Why most Scrum Masters are destined to fail

Scrum Master Mar 25, 2019

What makes the Scrum Master role so extraordinarily demanding?

If you’ve seen Scrum being introduced at a company, then you probably have seen this before. The company is starting with Scrum and a Scrum Master is suddenly needed.

The company asks a team who wants to be a Scrum Master. A brave member of the development team steps forward and says:”I will do it”.

Having the courage to pick up the glove is one thing, being prepared to take on the role is another.

Often this person does not know what he or she is getting in to. At best, the volunteer is up for a bumpy ride. At worst, this person is destined to fail and totally unprepared to perform the role of Scrum Master.

Now imagine the development team is lucky and the person who has stepped forward understands Scrum really well. Is the freshly minted Scrum Master set-up for success?

A great understanding of Scrum is not enough

Imagine you are a great piano player. Does this automatically make you a great piano teacher as well?

Of course not. Just because you know how to play the piano really well, does not mean you have the soft skills to teach somebody else how to play the piano.

Now imagine you are a master of Scrum. You know all there is to know about Scrum. Does this mean you are a great Scrum Master?

No it does not. You need be able to influence all layers in an organisation from peers to management so they understand Scrum. It’s a whole different ball game, where just understanding Scrum won’t cut it.

For this same reason the best professors performing the most groundbreaking research are not always the best teachers. Just because you understand something really well does not mean you can help others understand it well.

There are two parts to the Scrum Master role that are equally important:

  1. Understanding Scrum.
  2. Helping others understand Scrum.

The second part is often not given enough consideration when appointing Scrum Masters.

Being a great Scrum Master is all about soft skills

Abhijit Naskar

To succeed as a Scrum Master, you need to have great soft skills. You need to be a master of situational leadership. You need to be able to read the room and adjust your stance depending on the audience and the situation.

Some of the different stances of a great Scrum Master:

  • Coach
  • Mentor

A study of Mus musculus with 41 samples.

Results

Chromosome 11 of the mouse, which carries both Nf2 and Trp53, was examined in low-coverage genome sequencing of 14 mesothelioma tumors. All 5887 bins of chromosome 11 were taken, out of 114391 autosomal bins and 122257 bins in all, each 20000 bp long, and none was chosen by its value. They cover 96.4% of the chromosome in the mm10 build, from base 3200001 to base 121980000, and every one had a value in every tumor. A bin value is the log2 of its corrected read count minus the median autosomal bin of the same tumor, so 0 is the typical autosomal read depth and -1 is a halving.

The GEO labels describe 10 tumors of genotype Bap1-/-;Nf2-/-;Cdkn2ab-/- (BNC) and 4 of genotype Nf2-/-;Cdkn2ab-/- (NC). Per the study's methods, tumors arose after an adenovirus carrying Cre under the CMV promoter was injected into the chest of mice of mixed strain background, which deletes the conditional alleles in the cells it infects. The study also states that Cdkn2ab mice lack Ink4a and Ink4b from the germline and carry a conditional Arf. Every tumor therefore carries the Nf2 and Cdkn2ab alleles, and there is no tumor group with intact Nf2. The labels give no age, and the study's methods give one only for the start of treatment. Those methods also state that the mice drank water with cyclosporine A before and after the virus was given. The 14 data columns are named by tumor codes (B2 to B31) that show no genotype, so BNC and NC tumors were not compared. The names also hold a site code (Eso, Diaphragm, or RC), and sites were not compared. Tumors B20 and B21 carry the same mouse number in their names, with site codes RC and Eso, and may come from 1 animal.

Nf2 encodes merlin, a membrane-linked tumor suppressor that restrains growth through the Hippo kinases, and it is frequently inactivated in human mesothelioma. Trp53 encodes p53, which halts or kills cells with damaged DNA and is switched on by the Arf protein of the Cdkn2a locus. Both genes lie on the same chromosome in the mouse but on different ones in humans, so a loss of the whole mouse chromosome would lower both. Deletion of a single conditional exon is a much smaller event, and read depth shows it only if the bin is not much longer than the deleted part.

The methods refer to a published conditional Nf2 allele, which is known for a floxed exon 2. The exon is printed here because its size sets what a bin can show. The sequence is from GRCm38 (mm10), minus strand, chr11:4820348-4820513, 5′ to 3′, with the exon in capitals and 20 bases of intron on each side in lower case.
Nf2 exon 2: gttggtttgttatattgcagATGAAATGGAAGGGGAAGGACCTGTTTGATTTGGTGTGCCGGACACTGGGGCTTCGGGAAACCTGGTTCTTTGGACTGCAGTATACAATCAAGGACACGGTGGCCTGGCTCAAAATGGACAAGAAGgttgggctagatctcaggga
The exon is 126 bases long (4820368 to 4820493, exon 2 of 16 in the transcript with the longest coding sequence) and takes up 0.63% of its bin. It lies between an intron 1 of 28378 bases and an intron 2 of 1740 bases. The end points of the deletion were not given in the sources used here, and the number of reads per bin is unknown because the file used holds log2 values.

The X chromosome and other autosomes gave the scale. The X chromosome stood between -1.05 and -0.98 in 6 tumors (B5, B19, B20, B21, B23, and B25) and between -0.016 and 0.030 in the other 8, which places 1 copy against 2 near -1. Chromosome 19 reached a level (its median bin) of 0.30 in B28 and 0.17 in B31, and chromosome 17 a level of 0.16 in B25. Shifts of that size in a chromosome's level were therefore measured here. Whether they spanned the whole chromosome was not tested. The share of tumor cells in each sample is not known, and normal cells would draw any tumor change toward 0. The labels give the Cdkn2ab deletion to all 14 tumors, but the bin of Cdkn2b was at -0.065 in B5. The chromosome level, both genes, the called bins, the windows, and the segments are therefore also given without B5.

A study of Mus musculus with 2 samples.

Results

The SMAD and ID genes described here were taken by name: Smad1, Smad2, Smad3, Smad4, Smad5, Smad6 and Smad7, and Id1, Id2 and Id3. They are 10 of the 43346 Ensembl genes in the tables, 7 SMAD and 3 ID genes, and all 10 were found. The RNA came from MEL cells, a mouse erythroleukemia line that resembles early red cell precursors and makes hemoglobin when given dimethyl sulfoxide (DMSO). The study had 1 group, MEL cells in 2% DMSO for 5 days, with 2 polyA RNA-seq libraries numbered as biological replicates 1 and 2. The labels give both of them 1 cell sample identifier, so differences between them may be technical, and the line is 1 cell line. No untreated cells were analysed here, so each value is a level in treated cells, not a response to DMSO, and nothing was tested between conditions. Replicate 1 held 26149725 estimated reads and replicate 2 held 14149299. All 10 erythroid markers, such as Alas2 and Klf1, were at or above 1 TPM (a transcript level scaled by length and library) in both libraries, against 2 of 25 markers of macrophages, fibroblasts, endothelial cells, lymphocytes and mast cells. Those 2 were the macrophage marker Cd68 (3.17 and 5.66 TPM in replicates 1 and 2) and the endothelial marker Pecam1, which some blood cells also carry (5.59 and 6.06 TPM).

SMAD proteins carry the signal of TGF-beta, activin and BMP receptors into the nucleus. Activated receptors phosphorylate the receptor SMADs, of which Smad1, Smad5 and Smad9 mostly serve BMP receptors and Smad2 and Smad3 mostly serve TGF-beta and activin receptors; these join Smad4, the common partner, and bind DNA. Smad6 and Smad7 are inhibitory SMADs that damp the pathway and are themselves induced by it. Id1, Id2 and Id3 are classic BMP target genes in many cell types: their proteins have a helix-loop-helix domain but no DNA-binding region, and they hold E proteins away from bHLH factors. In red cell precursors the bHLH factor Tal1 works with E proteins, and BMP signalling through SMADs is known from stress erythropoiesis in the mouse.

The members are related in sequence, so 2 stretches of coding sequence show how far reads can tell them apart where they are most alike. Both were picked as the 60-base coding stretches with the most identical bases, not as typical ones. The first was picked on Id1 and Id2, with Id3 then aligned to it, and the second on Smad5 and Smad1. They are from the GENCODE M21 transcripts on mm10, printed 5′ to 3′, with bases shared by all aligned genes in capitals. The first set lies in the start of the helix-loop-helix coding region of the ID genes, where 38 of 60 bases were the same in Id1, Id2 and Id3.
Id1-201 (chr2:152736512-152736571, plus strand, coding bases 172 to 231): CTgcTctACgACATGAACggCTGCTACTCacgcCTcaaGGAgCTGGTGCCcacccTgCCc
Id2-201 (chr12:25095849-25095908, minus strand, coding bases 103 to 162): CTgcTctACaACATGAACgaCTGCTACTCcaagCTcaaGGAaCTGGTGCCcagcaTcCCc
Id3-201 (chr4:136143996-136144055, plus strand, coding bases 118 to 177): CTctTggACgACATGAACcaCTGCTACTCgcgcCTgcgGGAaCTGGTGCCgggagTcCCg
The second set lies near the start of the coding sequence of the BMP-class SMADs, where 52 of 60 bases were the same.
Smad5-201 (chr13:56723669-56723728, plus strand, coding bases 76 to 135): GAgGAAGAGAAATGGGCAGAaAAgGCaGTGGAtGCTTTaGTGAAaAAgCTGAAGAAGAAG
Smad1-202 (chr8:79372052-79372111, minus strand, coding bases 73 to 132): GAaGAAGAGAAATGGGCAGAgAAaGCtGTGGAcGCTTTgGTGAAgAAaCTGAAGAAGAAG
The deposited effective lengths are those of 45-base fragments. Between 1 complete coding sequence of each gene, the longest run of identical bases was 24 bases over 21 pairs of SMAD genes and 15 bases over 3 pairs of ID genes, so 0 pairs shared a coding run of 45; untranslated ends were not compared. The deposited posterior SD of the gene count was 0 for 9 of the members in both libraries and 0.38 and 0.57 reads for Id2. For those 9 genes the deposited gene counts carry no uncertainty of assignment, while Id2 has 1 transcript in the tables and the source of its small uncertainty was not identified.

• Teacher
  • Change agent
  • Facilitator

This list is not exhaustive. There are many more stances you need to grasp as a Scrum Master (see further reading section below).

A Scrum Master needs to have all the soft skills of a great manager, but they often have no experience as a manager.

The word manager may leave a different impression for each person, so allow me to elaborate a bit. In my view a great manager is a servant leader who creates an environment where people can succeed. They do not just focus on the results and do not obsessively micro-manage people or the process. They set a direction and pave the way for people to figure out the best way to move forward.

Nobody reports to a Scrum Master, yet they need to be able to influence the whole organisation. This is called ‘influencing without authority’. Influencing without authority means that you need to act like a Scrum whisperer and get everybody to move in the right direction because they want to do this themselves.

This is exactly why most Scrum Masters are set up for failure.

Members of a development team are not selected and hired to have the soft skills of a manager. They often never had any experience as a manager. I worked at many companies where new Scrum Masters were not included in the same soft skills training programs that new managers do receive. Even though soft skills are essential to the role of Scrum Master as well.

So is your understanding of Scrum really what limits your capabilities as a Scrum Master?

As a Scrum Master your own understanding of Scrum stops being the problem quickly. The problem becomes how to make others understand Scrum better and support figuring out better ways of working.

Developers need to understand software engineering. Product Owners need to understand product management. Scrum Masters need to be masters in servant leadership and situational leadership.

Shift the focus from just understanding Scrum to growing your soft skills

“Changing practices is one thing; changing minds is quite another” — Mike Cohn

Being a Scrum Master is not only about what you know, but about your ability to help out others to bring out the best in themselves with the Scrum framework as a foundation.

Your ability to help others is grounded in soft skills: communication, situational and servant leadership.

Often new Scrum Masters get selected more based on knowledge than soft skills. Soft skills are equally important and should be considered when selecting Scrum Masters.

Training soft skills is hard work. Even if you get the theory, you need to apply it each day to become better. There are a lot of courses out there that help to practice your soft skills.

Here are some examples of topics that will help you be a better Scrum Master:

  • Conversational skills
  • Public speaking
  • Group dynamics
  • Giving and receiving feedback
  • Motivational interviewing
  • Leadership
  • Coaching
  • Influencing
  • Assertiveness
  • Building psychological safety

Next time you think about what you can do to get better as a Scrum Master, instead of focusing on your Scrum knowledge see what you can improve in your soft skills. It will often pay off more than investing in your Scrum knowledge where you are ahead of others already.

Further reading

  1. 8 Stances of a Scrum Master by Barry Overeem.
  2. Leading self-organizing teams by Mike Cohn.